From the pastor…
If you turn to the calendar in the Lutheran Service Book you’ll find the commemoration of Rev. Carl Ferdinand Wilhelm Walther on May 7, the date of his death in 1887. The name Walther may ring a bell for those who are about the age of seventy of more. Up until the late ‘60’s the Walther League was the name of the youth and young adult groups in the Lutheran Church-Missouri Synod. At one time that was the place for good fun in your own congregation, for events with people from other congregations and even for finding your future spouse! I’m not sure why the group was named after him. Perhaps he had a soft spot in his heart for the development of young people.
Walther was such a pioneer of our church body that some call him the “American Luther.” He was the Synod’s very first president; he was both president and professor at Concordia Seminary in St. Louis; he started the periodical Der Lutheraner, the forerunner of today’s Lutheran Witness magazine. Most all LCMS pastors have a few of his books on their shelves: one called Church and Ministry, and another, the standard for preaching: The Proper Distinction between Law and Gospel.
C. F. W. Walther was born in 1811. At the age of 27 he was one of several pastors who led a group of persecuted Lutherans to America. A scandal arose around their bishop, and many of the immigrants were so demoralized that they wanted to give up and return to Germany. Walther convinced them that they were still the people of God, even without their bishop. They stuck it out in America and Walther became their tireless leader. He served four Lutheran congregations in St. Louis! His life was filled with incredible accomplishments and faithfulness that allowed this group of immigrants to unite with others and form the Lutheran Church-Missouri Synod in 1847.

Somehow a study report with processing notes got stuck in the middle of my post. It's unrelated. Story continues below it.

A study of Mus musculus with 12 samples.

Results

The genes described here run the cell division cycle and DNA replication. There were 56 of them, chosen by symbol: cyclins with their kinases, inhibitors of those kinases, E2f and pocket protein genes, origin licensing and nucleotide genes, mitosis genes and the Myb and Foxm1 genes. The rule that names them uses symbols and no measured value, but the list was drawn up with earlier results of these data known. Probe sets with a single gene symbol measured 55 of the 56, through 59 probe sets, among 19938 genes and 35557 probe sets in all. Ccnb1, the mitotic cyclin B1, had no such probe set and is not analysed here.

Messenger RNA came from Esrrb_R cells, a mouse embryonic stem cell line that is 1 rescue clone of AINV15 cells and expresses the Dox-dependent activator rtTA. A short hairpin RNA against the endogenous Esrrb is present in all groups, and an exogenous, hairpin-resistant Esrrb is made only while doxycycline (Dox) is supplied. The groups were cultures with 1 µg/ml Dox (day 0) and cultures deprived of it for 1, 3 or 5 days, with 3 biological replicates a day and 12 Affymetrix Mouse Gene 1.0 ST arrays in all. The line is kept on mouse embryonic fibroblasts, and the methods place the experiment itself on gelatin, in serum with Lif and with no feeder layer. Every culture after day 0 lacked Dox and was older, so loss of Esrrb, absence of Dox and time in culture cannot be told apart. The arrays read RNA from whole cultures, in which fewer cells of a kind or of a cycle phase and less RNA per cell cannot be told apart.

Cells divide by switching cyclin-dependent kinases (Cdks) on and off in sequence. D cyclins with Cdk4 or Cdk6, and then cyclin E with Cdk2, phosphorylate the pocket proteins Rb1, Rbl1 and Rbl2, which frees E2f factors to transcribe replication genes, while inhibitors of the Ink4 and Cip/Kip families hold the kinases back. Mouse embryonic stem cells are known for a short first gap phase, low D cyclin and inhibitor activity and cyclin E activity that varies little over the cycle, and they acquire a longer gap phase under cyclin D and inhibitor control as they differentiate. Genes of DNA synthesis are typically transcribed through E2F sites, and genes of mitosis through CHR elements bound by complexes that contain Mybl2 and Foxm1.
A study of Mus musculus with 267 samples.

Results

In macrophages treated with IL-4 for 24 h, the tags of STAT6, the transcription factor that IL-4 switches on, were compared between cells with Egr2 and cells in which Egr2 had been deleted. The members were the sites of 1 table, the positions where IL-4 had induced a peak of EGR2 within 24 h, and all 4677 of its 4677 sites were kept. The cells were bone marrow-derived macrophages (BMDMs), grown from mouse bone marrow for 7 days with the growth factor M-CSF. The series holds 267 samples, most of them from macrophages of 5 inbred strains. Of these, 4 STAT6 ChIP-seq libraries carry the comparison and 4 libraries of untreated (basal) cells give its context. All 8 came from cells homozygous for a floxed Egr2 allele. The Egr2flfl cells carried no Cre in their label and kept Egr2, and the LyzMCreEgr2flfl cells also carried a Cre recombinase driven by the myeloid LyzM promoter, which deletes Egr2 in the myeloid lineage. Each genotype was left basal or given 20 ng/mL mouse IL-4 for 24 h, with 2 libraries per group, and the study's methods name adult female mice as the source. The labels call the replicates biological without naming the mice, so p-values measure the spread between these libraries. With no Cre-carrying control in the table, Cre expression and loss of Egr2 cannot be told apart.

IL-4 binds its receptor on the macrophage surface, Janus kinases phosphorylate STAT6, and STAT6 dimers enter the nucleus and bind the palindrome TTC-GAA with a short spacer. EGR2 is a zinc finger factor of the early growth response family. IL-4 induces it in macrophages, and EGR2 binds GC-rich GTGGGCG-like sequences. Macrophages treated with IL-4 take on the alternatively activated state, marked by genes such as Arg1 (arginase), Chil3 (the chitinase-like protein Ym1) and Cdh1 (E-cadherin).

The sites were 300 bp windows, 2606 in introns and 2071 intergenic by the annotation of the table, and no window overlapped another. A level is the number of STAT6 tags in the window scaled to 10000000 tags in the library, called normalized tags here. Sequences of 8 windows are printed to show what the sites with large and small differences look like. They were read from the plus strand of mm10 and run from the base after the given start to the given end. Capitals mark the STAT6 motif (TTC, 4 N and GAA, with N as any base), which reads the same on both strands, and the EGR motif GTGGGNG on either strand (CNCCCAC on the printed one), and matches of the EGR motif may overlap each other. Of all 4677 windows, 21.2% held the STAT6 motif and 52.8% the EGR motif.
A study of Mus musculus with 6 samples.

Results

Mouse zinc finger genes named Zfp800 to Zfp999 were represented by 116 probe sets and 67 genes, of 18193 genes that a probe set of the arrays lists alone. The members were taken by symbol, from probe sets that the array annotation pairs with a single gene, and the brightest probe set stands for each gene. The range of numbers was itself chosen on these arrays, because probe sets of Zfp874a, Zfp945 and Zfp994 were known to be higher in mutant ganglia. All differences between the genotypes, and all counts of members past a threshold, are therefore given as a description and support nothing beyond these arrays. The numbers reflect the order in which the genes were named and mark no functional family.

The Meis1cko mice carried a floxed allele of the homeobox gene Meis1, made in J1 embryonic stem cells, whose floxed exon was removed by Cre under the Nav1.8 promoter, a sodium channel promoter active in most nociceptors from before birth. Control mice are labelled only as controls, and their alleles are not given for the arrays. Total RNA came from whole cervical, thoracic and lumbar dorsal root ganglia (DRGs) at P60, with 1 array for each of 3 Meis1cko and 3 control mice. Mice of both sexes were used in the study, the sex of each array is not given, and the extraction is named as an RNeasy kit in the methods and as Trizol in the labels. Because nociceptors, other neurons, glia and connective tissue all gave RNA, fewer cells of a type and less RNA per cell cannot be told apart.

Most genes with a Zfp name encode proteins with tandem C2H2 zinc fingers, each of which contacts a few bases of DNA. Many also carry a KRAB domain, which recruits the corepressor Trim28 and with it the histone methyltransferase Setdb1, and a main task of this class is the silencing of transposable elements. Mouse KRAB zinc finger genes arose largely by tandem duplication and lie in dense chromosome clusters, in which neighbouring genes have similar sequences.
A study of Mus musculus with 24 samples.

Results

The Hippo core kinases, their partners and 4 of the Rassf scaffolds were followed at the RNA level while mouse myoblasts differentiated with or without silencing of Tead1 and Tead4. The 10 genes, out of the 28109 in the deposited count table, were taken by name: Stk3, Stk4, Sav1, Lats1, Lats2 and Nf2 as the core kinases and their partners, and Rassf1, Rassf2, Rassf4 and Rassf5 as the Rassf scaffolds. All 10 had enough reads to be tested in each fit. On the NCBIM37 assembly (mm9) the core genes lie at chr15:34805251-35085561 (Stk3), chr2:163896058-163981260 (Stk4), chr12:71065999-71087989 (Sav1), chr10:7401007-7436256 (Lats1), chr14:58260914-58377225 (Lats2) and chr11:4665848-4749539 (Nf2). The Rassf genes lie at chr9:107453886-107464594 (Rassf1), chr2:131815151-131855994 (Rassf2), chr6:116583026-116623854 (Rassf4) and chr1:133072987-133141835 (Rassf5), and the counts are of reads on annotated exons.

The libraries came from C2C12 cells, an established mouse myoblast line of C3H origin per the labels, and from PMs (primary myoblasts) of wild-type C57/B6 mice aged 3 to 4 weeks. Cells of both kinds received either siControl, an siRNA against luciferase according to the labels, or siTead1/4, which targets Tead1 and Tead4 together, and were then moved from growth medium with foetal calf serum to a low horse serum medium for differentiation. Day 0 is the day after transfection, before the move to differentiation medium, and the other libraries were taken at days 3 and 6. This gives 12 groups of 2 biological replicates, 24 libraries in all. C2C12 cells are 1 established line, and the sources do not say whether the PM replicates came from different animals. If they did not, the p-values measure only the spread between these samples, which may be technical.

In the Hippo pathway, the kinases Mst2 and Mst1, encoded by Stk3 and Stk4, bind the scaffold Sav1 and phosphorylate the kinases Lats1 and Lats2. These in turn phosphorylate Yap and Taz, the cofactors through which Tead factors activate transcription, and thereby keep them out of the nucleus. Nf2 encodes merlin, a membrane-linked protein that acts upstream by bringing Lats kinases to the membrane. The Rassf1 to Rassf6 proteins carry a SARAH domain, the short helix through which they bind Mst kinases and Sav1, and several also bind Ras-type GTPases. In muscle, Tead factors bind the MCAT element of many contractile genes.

But Walther was no Superman. He, like Luther himself, was plagued by a mental thorn that created a time of dark personal struggle for him—one episode of his life in particular. In 1860 this faithful Christian man suffered some sort of severe “breakdown.” Everything fell in on him – raw emotions, spiritual doubts, physical ailments, incapacity, and mental sadness. Today’s diagnosis would likely have been clinical depression.
Describing the weight of his condition with incredible honesty, he wrote to his congregations: “My only hope was a blessed death. For I hoped that in spite of my deep sense that I deserved [God’s] curse, I would not let go of the Lord Jesus” Pastor Walther needed – and his loving congregations arranged – a leave of absence. A sabbatical. All this put this Christian man on a boat, headed back to Germany for rest and for healing.
In the midst of his brokenness and anguish Walther wrote the words and music of a hymn on that boat. It’s Hymn 480 in the Lutheran Service Book, the Easter hymn, “He’s Risen, He’s Risen.” Easter triumph, Easter joy. It’s the empty tomb. Christ keeping his Word. Comfort amid lingering bleakness and gloom that we still sing today. You’d scarcely believe such a bouncing, lively proclamation of the risen Christ could pour out of such a defeated and broken Christian man.
So let’s remember this powerful but humbled Christian leader. He proclaims the certainty of Easter. He leads with the proclamation of Christ Jesus being raised from the dead. Alleluia! Christ is risen. He is risen indeed. Alleluia!
With Easter joy,
 “Walther’s Breakdown” in Matthew Harrison, At Home in the House of My Fathers: Presidential Sermons, Essays, Letters, and Addresses from the Missouri Synod’s Great Era of Unity and Growth [St. Louis: Concordia, 2011], 143.